Regulatory risk in PH among highest in region
The Philippines has one of the highest regulatory risks in Asia-Pacific as recently exemplified by retroactive changes in water concession deals with the private sector, research firm Fitch Solutions said.
Commenting on the recent water row on Monday, Fitch Solutions said the risks of retroactive changes in government policy and more pertinently, government intervention in deals which had previously been signed between public and private stakeholders were comparatively higher in the Philippines.
These risks can undermine investors’ confidence, especially that of foreign companies who are less familiar with the Philippine regulatory and business environment, possibly leading to a higher cost of doing business and deterring inflows of foreign direct investment, the research firm warned.
However, Fitch Solutions said investor confidence might gradually pick up as the Philippines improves on its framework for public-private partnerships (PPPs) in infrastructure-building.
Citing its proprietary Project Risk Index (PRI)—which measures the risk of carrying out an infrastructure project from a financing, construction and operation angle—Fitch Solutions said the Philippines had one of the biggest regulatory risks compared to other major markets in the region. Based on the “regulation” sub-component of the PRI—which feeds into the wider PRI scores —the Philippines scored 48.2, lower than other emerging Southeast Asian markets such as Vietnam (59.4), Indonesia (49.1) and Malaysia (70.2). Following the cancellation of concession extension agreements by the Philippines’ Metropolitan Waterworks and Sewerage System (MWSS) with Manila Water Co. and Maynilad Water Services, Fitch Solutions said similar agreements signed between the government and private companies could come under the spotlight. It said the water concession revocation case “paves the way for the review of other possibly ‘disadvantageous’ agreements, putting long-term financial viability of companies relying on such contracts at risk.”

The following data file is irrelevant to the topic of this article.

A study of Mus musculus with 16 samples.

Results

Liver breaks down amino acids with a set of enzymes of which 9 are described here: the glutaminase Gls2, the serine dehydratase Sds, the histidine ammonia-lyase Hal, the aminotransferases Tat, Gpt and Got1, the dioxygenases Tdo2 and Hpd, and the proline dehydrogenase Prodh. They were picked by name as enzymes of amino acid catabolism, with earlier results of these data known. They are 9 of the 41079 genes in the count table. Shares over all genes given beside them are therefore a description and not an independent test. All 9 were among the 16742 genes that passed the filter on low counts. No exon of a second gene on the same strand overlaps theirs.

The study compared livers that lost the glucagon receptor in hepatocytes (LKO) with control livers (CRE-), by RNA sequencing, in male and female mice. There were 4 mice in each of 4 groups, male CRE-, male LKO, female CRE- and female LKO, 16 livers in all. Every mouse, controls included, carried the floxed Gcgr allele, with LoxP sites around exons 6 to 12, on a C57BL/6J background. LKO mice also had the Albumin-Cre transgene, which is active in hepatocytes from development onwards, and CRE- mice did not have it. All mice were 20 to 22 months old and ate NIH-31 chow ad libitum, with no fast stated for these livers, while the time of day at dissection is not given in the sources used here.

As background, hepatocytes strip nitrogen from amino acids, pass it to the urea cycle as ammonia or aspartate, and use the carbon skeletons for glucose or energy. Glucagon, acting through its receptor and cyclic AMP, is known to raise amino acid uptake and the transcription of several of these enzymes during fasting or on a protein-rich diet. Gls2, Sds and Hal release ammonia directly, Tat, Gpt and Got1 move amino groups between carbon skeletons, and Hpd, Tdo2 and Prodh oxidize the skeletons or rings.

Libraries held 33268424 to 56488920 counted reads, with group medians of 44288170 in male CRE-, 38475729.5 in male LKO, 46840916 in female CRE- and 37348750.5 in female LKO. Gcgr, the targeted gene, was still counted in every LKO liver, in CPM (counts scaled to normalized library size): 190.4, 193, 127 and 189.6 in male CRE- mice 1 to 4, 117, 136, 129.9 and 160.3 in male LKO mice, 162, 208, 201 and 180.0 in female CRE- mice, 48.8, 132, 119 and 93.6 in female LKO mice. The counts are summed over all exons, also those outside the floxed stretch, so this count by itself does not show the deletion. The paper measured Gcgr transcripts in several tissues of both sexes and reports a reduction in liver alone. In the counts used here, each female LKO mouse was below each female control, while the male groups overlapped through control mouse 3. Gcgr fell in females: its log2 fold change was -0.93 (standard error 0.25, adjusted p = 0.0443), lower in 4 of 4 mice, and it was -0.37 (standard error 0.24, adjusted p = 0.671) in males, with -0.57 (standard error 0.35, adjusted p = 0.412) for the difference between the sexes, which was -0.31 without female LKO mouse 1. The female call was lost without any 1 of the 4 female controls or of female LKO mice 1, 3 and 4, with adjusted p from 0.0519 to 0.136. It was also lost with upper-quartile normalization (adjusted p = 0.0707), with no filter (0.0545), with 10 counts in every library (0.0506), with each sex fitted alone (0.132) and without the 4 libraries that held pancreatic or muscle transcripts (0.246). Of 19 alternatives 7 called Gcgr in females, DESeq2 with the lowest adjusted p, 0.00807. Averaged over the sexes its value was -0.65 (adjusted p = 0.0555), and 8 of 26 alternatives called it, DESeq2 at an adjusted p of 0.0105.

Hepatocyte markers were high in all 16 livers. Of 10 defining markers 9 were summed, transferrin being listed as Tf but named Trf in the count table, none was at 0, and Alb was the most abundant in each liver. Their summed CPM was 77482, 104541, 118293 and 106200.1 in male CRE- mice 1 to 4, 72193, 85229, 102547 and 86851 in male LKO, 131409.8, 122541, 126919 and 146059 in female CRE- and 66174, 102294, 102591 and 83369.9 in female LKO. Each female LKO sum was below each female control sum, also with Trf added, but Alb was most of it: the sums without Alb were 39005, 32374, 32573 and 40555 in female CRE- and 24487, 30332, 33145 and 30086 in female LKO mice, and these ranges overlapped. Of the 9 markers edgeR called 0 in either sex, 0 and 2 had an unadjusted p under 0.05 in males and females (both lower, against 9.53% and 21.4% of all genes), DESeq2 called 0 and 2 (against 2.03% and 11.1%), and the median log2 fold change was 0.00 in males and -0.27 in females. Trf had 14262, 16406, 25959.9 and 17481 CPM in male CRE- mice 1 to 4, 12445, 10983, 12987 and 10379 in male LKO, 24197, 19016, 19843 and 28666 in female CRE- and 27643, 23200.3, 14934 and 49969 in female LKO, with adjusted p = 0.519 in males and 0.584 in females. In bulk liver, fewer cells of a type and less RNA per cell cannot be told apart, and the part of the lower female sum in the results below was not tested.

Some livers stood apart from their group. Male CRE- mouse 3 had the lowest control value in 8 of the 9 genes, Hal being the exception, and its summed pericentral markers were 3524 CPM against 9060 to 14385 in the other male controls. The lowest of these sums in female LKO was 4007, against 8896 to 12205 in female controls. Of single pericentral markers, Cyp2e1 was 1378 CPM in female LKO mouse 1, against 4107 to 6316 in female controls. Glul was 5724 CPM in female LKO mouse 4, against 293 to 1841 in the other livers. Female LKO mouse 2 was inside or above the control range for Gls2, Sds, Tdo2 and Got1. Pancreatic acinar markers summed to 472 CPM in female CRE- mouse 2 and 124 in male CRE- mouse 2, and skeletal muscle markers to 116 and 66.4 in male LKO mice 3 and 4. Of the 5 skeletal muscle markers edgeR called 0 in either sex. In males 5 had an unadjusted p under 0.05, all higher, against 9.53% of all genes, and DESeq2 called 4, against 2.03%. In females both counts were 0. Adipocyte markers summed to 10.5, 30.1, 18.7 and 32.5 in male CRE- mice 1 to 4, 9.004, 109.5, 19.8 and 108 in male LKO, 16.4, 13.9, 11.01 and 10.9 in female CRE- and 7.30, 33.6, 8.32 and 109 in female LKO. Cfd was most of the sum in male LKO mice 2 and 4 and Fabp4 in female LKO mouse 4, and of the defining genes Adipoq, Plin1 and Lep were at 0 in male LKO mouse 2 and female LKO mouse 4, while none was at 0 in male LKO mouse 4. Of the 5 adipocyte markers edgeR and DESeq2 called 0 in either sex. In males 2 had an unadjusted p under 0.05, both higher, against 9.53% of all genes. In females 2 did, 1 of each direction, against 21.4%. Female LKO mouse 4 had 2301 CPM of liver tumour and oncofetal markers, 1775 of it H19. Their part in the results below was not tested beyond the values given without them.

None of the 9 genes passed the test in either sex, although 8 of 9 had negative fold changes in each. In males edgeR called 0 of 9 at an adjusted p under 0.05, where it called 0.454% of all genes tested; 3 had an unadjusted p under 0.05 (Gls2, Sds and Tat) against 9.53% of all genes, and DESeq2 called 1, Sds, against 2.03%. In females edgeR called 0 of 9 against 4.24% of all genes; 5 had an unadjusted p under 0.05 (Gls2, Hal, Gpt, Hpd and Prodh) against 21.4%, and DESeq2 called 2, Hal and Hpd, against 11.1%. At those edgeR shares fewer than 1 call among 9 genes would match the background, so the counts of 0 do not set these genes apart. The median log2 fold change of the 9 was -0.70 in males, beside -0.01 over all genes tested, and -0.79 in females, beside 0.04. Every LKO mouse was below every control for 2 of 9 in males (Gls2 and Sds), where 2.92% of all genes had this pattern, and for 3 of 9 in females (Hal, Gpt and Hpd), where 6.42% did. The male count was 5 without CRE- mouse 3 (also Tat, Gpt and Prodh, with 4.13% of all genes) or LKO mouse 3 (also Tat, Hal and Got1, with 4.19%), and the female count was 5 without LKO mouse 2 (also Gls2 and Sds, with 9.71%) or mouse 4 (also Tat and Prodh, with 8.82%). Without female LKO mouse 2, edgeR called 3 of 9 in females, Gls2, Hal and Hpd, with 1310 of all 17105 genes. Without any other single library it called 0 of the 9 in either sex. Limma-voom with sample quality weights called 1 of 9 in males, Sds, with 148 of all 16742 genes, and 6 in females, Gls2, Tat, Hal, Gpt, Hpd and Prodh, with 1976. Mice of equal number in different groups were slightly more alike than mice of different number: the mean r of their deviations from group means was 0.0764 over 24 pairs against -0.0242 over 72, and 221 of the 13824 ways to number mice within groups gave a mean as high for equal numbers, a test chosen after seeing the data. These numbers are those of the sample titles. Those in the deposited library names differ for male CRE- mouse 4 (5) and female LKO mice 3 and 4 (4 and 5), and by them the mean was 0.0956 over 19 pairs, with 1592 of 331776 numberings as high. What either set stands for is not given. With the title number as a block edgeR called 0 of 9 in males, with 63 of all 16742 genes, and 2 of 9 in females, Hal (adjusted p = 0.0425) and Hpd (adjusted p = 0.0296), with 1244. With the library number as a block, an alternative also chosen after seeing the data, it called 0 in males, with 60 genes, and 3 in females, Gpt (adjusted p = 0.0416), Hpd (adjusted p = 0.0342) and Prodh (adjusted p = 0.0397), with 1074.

“We believe investors will be concerned over the possibility of similar instances of government intervention, which would create uncertainty for their business operations. As such, as mentioned earlier, there is a possibility that foreign direct investments may take a hit in the short term,” the research said.
Meanwhile, Fitch Solutions said this incident also showed that the government had acknowledged the weaknesses in the current contracting process, especially for PPPs.
“Authorities will be able to gain experience and move up the learning curve and improve on processes and frameworks to allow for fairer, more transparent and flexible agreements in the future,” it said.
Concessions for the provision of water and waste services for Metro Manila were awarded to Manila Water Co. and Maynilad Water Services during the term of President Fidel V. Ramos in 1997. A 15-year extension of the contracts, which would otherwise expire in 2022, was granted for both concessionaires in 2009, during the term of then President Gloria Macapagal-Arroyo.
However, a lengthy legal dispute with Maynilad and Manila Water and the government that resulted in offshore arbitration rulings that favored the private sector concessionaires, alongside years of “sub-par” services, had invoked the attention of the Philippine government, Fitch Solutions noted.
In December 2019, President Duterte ordered that the concession extension agreements be stripped and renegotiated, derailing the long-term planning of the private concessionaires and creating a high degree of financial difficulties–in aspects such as borrowing and attracting new capital–due to revenue uncertainty.
“The revocation of water concessions also highlights deficiencies in the due diligence and contracting processes in the past and present and we believe other deals signed between the government and the private sector are also at risk of scrutiny,” Fitch Solutions said.
“The government had alluded to ‘onerous provisions’ within the existing concession, which ‘disadvantaged taxpayers’, as a basis for revocation, review and renegotiation. While this may suggest that such concessions lack robust, well thought-out provisions and pricing mechanisms, as well as provisions which allow for reviews in the event the mechanics and details of these provisions become outdated, similar, though inadequate provisions were actually present in the agreement between MWSS and the two companies.”